We fell in love with Amsterdam and its wonderful canals as soon as we arrived. Out of the blue, as we were walking through the railway station, a couple gave us their travel card for all public transport. They said it would be good for the next twenty-four hours, and it was. They were leaving the city and maybe felt sorry for the old codger trudging along carrying a back pack.
Outside the train station there is a parking area made up of three levels. Each is the length of a football field. The whole complex is completely dedicated to push bikes. This, by the way, only represents a very small proportion of the bikes parked near the station, and for that matter, the rest of Amsterdam. We had arrived in cycling nirvana. No flashy carbon road bikes mind you, but literally thousands of ‘Sit Up and Beg’ bikes. They are called this as that is what everyone looks like when they ride.
Each parked bike has two locks. One is a permanent implement located near the back fork, and the other, a massive chain used to attach the bike to the nearest immovable object available. Bike theft is obviously an issue in Amsterdam, and many finish up in the canals.
We soon found out that these bikes are not fast, but silent and deadly. It was actually possible to be cleaned up eight times, from all directions and modes of transport, just crossing the road in front of our hotel. I felt like one of those open mouth clowns in side show alley on steroids. Though, instead of a table tennis ball in the mouth, it could very well be a bike.
Because of the success of our small walking tour in Paris, we thought we would take on the Amsterdam version. Our guide Sean, a Dutch/American who had been an art teacher, has lived in this wonderful city for many years. He was great and so was our group – just four in total. It was an excellent way to get started.
On our journey, we soon discovered that the representatives of the oldest profession are still showing their wares in shop front windows. But it all seems a bit ho hum as these displays of exposure just seem to be a normally accepted part of life in Amsterdam. No one takes much notice.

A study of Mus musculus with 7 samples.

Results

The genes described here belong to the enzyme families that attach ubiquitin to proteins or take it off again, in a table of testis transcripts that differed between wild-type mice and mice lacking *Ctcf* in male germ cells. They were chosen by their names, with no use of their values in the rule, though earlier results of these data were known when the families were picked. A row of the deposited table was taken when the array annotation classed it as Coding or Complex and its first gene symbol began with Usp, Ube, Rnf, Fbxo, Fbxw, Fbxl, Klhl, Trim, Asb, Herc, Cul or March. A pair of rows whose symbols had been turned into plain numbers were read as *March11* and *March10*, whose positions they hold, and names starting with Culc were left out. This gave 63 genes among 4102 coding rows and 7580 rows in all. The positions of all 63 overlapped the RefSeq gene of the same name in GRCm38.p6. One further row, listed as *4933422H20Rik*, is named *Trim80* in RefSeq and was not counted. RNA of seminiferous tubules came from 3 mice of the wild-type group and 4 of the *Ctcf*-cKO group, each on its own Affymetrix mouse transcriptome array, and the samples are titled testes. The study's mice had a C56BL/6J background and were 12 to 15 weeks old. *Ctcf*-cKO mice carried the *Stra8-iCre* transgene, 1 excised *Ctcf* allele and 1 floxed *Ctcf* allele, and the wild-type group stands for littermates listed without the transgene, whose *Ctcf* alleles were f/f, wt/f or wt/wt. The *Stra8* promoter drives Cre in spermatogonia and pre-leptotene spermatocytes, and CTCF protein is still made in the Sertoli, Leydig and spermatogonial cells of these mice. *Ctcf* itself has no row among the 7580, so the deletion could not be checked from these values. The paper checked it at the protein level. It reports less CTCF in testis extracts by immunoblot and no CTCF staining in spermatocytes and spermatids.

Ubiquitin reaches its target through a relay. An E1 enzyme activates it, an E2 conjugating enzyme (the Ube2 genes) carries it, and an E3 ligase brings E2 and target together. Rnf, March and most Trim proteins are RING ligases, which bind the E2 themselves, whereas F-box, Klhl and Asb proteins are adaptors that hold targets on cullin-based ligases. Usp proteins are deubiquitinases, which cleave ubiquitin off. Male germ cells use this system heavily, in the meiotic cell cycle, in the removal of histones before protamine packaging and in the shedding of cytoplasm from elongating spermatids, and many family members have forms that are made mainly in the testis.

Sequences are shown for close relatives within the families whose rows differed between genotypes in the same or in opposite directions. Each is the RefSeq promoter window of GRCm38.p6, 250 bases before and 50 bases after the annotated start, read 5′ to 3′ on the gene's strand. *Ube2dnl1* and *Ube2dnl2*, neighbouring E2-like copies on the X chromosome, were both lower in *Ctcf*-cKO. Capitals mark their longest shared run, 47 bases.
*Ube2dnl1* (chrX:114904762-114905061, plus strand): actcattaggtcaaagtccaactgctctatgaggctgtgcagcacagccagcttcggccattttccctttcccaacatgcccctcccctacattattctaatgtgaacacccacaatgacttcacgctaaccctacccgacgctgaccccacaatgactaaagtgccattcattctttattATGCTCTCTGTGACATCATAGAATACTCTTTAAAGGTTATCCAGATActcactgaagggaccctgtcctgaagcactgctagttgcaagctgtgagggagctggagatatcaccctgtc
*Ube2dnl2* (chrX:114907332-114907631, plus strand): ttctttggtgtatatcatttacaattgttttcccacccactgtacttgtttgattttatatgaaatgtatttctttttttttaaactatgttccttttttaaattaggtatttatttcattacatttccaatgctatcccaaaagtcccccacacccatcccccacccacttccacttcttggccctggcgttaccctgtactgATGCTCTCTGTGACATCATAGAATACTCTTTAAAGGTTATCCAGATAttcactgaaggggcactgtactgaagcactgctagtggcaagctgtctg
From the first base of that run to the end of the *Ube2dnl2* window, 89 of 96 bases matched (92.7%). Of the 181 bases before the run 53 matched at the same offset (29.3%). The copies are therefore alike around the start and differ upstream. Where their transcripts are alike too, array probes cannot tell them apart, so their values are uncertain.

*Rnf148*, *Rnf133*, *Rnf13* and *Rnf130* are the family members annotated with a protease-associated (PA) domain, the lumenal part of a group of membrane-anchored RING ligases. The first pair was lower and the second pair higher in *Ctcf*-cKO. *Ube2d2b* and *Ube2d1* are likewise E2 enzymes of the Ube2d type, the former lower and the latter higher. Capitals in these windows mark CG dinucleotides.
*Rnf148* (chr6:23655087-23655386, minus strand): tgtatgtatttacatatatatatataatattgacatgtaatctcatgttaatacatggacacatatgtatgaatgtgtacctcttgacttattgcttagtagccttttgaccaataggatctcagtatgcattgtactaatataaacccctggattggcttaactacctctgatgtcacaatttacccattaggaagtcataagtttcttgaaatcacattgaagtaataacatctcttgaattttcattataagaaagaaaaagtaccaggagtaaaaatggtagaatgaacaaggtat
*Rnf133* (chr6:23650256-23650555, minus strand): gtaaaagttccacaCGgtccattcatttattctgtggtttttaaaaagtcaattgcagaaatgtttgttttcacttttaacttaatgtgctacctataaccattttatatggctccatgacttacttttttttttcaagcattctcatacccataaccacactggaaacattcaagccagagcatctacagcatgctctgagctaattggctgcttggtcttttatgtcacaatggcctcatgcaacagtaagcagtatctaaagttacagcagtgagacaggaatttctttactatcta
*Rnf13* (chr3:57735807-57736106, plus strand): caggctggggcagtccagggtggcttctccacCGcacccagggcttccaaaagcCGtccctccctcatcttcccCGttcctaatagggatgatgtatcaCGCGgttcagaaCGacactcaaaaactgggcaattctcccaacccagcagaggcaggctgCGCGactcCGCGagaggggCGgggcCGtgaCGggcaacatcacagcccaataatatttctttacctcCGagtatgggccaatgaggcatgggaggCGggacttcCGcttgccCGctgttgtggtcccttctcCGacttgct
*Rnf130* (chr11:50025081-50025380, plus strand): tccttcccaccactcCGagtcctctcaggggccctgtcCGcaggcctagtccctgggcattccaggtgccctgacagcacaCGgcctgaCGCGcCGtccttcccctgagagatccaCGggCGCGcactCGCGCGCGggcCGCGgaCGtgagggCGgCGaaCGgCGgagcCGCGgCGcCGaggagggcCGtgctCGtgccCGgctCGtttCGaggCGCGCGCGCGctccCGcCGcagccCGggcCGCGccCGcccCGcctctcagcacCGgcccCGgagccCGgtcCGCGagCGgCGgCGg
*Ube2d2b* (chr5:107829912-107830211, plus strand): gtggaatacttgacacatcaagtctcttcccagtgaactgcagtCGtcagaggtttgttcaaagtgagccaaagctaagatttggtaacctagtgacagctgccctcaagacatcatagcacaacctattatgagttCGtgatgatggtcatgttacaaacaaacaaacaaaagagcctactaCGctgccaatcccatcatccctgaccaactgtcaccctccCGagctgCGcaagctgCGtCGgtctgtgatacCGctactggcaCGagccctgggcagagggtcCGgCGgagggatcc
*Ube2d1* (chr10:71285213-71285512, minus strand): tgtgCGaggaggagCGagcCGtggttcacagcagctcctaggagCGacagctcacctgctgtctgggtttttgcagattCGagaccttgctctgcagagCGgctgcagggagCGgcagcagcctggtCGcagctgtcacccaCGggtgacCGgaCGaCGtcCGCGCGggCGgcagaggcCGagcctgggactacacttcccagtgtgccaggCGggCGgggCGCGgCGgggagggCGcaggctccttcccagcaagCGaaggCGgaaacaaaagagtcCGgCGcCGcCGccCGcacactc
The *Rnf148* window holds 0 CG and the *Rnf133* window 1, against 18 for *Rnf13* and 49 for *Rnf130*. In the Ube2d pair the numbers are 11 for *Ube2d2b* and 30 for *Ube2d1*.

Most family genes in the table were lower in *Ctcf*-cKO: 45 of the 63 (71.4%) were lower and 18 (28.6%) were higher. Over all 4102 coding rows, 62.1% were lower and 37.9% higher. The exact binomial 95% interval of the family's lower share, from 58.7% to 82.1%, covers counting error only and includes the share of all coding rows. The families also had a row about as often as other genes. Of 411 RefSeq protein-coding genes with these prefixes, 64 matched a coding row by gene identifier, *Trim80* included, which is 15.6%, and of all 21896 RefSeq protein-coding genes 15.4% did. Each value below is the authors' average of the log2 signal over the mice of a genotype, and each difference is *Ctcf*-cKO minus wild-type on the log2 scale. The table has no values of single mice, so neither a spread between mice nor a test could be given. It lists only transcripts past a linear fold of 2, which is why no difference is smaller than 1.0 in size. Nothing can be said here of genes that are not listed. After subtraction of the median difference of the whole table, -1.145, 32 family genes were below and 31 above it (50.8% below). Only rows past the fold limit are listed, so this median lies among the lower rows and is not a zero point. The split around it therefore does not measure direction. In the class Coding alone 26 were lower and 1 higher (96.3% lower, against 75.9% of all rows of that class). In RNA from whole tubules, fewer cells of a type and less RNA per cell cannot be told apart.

That is of course except for the yobbos from across the channel and surrounds. They arrive in their hordes on a Friday afternoon, and either leave their brains behind at the airport or bring them along for a pickling. Sean had told us that the worst thing to happen in Amsterdam was the introduction of cheap airfares and three day bucks parties. One fine young representative of this select group had on a tee shirt with the following message – “If I’m not wasted, the day is”. I felt like suggesting an addition to the front – “Life Wasted”.
Of course, they are not just here to prove their manhood and drink beer. They also come for the coffee. Well, the coffee shops anyway. We soon discovered that a ‘Coffee Shop’ sells more than coffee. The unavoidable intake of smoke from the dreaded weed is enough to get high as you pass, and the age of the consumers is frightening.
We learnt very quickly how to escape these displays of insanity and found our way into the quieter back blocks of the city where the locals abide. It was here we also found a coffee shop that just sells real coffee. The owner is an Aussie who roasts his own blend and is endeavouring to make his mark in Amsterdam after some success in New York. He was very switched on.
It was also in this part of town that we found the museums and art galleries. The Van Gogh Museum was sensational and so was the Maritime Museum. While we were visiting this particular location, Karyn thought it would be a good idea to attend the simulated sailing exhibit. SIMULATED SAILING??? After having spent nearly three years bobbing around the oceans of the World, why would I want to simulate the experience? I have only just recovered from the last episode. Anyway, as usual, Karyn was right. It was a good idea and I survived.
We gave Ann Frank’s house a miss, as the line up for entry was over 100 metres long and not budging. Instead, as Karyn did the rounds of the city by tram, I opted for the highly recommended Resistance Museum. It tells the story of life in the Netherlands during WW2. With the occupation, it all came down to a decision to cooperate, collaborate or resist – individuals were just trying to find the best way to survive.
Speaking of which, Karyn and I survived very well in Amsterdam and we had an excellent time. This is more than I can say for some of the lads. As we exited our hotel for the last time, I noticed a young kiwi bent over with head in hands and obviously the worse for wear. He was possibly the same individual who spent the night throwing up in the room next door.
We pointed in the direction of the train station on route to the airport and London. As we dodged the empty McDonalds wrappings, broken glass, beer cans and cigarette butts, courtesy of the previous night, I wondered about the future of this unique city and whether it can stand the attention.
Then again, maybe I am just an old codger carrying a back pack, and it will survive as it always has.